Scouting, in various forms, has been around since the early twentieth century and originated in England. Lieutenant General Baden-Powell held a scouting camp in 1907 at Brownsea Island.
He incorporated principles learned by his time in the military as well as other similar groups, such as the League of Woodcraft Indians and the Boy’s Brigade, which was the first uniformed youth organization.
A few years later, a sister organization, the Girl Guides, which grew into the Girl Scouts was also begun.
The Original Idea Spawned Multiple Groups
As the organization grew in the first few decades, the program was divided into groups for different ages, and out of this came the Cub Scouts, Boy Scouts, and Rover Scouts on the boy’s side and Brownie Guide, Girl Guide, Girl Scout, and Ranger Guide on the girl’s side.
The credo behind the movement became known as the Scout method and incorporated an informal education system to build character, teach independent thinking, and encourage helping others.
Important Skills Learned
Scouting has mostly utilized outdoor activities such as camping, hiking, sports, and woodcraft to instill these qualities. While engaged in any of these activities it was important to wear the proper uniform and part of that uniform came to be the various merit badges and patches to recognize learning and achievements.
These patches also identify geographic location and attendance at special events. One of the largest of these events was the Scouting 2007 Centenary, celebrating 100 years of scouting around the world.
Scouting Spreads Worldwide
Scouting grew quickly from its start in 1907 and spread to several other European countries the next year. Canada was the first overseas location to incorporate scouting followed by the rest of what was then the British Empire.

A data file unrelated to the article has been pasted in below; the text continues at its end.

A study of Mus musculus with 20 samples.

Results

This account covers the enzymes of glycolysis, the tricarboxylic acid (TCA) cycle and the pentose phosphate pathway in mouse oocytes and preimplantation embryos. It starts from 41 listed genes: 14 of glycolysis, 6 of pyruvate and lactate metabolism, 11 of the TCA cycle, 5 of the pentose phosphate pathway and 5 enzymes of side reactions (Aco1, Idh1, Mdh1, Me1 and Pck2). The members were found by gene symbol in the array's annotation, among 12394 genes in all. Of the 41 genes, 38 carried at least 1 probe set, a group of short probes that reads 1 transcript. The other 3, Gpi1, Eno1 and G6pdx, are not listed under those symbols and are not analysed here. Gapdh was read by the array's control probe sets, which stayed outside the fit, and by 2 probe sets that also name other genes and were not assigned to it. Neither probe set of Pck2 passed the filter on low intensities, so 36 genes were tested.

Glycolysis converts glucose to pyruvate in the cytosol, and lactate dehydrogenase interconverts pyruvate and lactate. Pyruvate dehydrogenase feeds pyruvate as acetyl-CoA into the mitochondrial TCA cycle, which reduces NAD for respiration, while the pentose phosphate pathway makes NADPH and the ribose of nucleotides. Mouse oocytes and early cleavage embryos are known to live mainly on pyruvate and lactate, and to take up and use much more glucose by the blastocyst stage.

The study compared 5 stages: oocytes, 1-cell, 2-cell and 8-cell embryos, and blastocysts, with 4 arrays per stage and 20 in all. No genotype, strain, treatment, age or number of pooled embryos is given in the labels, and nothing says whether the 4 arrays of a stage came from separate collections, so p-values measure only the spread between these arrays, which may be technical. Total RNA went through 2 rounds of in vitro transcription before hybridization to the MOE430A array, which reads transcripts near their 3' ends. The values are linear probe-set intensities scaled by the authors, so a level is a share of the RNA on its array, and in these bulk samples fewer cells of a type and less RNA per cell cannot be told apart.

Chili was the first non-British country to adopt Scouting. The United States adopted the tradition in 1910.
Initially, scouting was limited to boys from eleven to eighteen, but programs such as the Cub Scouts and Rover Scouts grew out of the movement to handle both younger and older children. These branches operate independently, but all incorporate the scouting methods and credos.
The Scouting Credo
One of these credos, Be Prepared, became the Scout Motto, but there is also an official Scout Slogan, which is Do a Good Turn Daily.
There is also the Scout Promise which reads, “On my honor, I promise that I will do my best to do my duty to God and my Country (or King where applicable), To help other people at all times, and to obey the scout law.”
The exact wording and phrases vary slightly from country to country, but the principals remain the same around the world.